Music for Screens: Fall 2011
Finding the right music for gods and goddesses can be daunting.
For “Immortals,” the $100-million effects-driven fantasy based on Greek myths, director Tarsem Singh took a risk: He hired Trevor Morris, a 41-year-old Canadian-born composer whose credits are mostly in TV.
But those credits carry a little more weight than usual: For the past four years, Morris has been the go-to composer for historical dramas with a contemporary sensibility. He has won Emmys for his themes for Showtime’s “The Tudors” and “The Borgias,” and was nominated for his score for Starz’ 12th-century epic “The Pillars of the Earth.”
Says Singh: “I wanted somebody who hasn’t been given a chance. He hasn’t done anything big, and that was never a negative for me. His melodies were fantastic. He delivered.”
Morris doesn’t operate like the usual TV composer, working out of a home space and scraping by with synthesizers and the occasional live musician. He has a new state-of-the-art studio in Santa Monica whose composing rooms, mixing board and elegant 5.1 theater definitely have the look and sound of a busy feature-film composer.
Singh’s directive to Morris: “Be big or be small, but don’t be in the middle.” Translation: epic when necessary, intimate when needed. When Mt. Olympus appears for the first time, Morris says, “the first thing you hear is a ukulele. I thought, what if we made their connection to each other, and their connection to humans, something that we cared about? The smaller instruments helped to do that.”
There is, he also points out, considerable “mayhem-action music,” much of it played by a 100-piece orchestra including what Morris believes is the largest brass section ever assembled for a film score (23 musicians, including eight French horns and 11 trombones). “It was a very godlike sound,” he says with a smile.
His 36-voice choir sings a text drawn in part from Hindu scriptural writings about immortality. And for antagonist Hyperion’s siren call, he told the brass players to bring “the creakiest, oldest, rustiest instruments” they owned — which, coupled with a 10-foot Tibetan horn, created a massive, unidentifiable noise that Morris thinks “sounds 1,000 years old.”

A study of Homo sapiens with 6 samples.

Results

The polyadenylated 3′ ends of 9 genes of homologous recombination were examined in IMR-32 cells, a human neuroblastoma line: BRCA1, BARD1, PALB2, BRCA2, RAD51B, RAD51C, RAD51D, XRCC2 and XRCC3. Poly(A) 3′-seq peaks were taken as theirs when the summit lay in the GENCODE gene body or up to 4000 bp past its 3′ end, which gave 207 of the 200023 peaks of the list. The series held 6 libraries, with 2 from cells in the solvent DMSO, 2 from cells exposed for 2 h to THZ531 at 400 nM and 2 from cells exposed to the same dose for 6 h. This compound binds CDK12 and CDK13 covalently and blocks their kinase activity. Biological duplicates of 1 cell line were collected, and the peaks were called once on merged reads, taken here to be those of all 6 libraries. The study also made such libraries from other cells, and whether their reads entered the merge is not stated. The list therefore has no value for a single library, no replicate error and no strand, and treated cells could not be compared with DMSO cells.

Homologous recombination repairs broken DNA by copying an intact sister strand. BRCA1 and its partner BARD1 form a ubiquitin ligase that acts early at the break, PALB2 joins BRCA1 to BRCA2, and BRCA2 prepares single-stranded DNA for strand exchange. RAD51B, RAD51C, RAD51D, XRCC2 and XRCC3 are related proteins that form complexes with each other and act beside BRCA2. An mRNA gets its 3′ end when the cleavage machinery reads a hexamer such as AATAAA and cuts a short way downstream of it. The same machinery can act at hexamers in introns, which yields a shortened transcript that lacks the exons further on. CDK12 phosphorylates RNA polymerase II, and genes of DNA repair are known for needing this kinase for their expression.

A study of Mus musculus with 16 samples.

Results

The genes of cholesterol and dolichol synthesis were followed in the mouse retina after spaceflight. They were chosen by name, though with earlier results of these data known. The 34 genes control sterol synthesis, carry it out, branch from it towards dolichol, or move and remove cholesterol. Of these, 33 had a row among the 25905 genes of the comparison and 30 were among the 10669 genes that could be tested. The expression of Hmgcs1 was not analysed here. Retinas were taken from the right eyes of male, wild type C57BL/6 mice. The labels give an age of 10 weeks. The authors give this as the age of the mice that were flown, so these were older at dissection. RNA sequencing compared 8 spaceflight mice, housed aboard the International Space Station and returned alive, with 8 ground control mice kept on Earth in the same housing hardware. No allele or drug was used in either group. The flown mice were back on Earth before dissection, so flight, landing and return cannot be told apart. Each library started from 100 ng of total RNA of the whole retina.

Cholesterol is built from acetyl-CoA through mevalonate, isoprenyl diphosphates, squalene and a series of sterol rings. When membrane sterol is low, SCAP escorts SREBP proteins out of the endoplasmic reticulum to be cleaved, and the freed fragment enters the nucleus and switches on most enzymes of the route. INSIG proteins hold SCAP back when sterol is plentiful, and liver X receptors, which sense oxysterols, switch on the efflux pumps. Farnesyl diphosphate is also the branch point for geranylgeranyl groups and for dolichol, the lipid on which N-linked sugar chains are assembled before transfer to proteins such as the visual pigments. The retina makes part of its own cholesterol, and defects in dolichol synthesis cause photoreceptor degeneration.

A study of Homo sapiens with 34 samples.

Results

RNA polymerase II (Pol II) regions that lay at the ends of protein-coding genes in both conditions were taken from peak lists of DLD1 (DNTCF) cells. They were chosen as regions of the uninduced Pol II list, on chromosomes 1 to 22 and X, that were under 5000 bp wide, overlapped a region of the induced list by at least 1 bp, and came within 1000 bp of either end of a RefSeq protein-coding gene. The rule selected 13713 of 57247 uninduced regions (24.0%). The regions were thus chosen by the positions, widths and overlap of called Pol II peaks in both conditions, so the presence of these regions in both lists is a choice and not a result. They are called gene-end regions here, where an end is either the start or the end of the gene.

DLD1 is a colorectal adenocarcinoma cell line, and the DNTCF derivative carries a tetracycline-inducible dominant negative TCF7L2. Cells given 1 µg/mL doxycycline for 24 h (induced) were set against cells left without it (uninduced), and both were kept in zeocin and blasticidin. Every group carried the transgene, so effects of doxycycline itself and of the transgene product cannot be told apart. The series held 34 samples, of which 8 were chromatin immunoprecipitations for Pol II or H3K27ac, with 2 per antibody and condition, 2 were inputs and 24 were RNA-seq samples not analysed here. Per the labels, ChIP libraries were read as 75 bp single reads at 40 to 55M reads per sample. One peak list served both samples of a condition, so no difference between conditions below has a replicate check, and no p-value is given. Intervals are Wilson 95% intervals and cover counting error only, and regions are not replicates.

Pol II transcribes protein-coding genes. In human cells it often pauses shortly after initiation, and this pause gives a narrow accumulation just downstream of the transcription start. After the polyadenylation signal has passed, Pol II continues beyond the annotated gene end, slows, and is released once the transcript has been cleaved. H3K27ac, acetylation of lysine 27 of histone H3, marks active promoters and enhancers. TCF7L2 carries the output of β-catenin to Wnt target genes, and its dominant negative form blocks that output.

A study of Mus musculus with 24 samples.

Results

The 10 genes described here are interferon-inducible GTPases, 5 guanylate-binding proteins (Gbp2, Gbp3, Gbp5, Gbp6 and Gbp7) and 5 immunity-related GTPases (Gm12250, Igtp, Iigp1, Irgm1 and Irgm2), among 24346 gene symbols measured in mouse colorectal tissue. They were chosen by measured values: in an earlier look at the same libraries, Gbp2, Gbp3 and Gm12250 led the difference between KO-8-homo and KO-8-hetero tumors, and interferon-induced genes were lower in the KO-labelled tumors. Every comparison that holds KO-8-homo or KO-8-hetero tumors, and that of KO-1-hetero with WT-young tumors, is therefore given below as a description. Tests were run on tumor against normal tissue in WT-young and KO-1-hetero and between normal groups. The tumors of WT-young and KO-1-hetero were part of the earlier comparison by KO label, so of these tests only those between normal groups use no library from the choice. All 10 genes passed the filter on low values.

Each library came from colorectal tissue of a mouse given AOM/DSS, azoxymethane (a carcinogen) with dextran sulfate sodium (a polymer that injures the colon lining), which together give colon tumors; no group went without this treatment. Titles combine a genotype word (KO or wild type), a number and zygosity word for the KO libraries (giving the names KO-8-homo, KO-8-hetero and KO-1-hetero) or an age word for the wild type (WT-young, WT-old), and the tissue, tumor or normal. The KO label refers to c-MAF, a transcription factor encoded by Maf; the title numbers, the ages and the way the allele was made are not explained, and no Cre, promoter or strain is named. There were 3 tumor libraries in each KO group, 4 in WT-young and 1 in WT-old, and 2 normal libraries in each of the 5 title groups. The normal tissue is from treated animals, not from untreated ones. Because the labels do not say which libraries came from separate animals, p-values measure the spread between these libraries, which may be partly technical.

Morris has been composing since he was 13. After moving to Toronto from his hometown of London, Ontario, he became one of Canada’s top commercial music composers. At the age of 30 he decided to move to L.A. and try to make it in the film and TV music business.
He spent eight years working for Hans Zimmer, first as a technical assistant but eventually contributing music and arrangements to such Zimmer scores as “The Last Samurai,” “Spanglish” and two of the “Pirates of the Caribbean” movies.
It was “The Tudors” that brought Morris wide attention for the first time. Despite its 16th-century setting and clever use of ancient instruments, “I always brought a modern angle to all of the period pieces,” Morris explains. “The main title has a full-on drum loop; it has no business being there, and yet somehow it works.” It won Morris his first Emmy.
His work ethic has also impressed producers. He spent the summer before the “Tudors” third season working out a theme for Jane Seymour (Henry VIII’s third wife) that could function as both love theme and requiem for her death, then recorded them with orchestra and choir in Prague and asked the editors to cut key scenes to his completed music.
Morris recently returned from Ireland, where he discussed next season’s music for “The Borgias” with producer Neil Jordan. “I’ve been lucky to do atypical television projects,” Morris says. “But I feel like I have something to say in the movie world, and it’s a tough world to break into. That’s why I view ‘Immortals’ as such a gift.”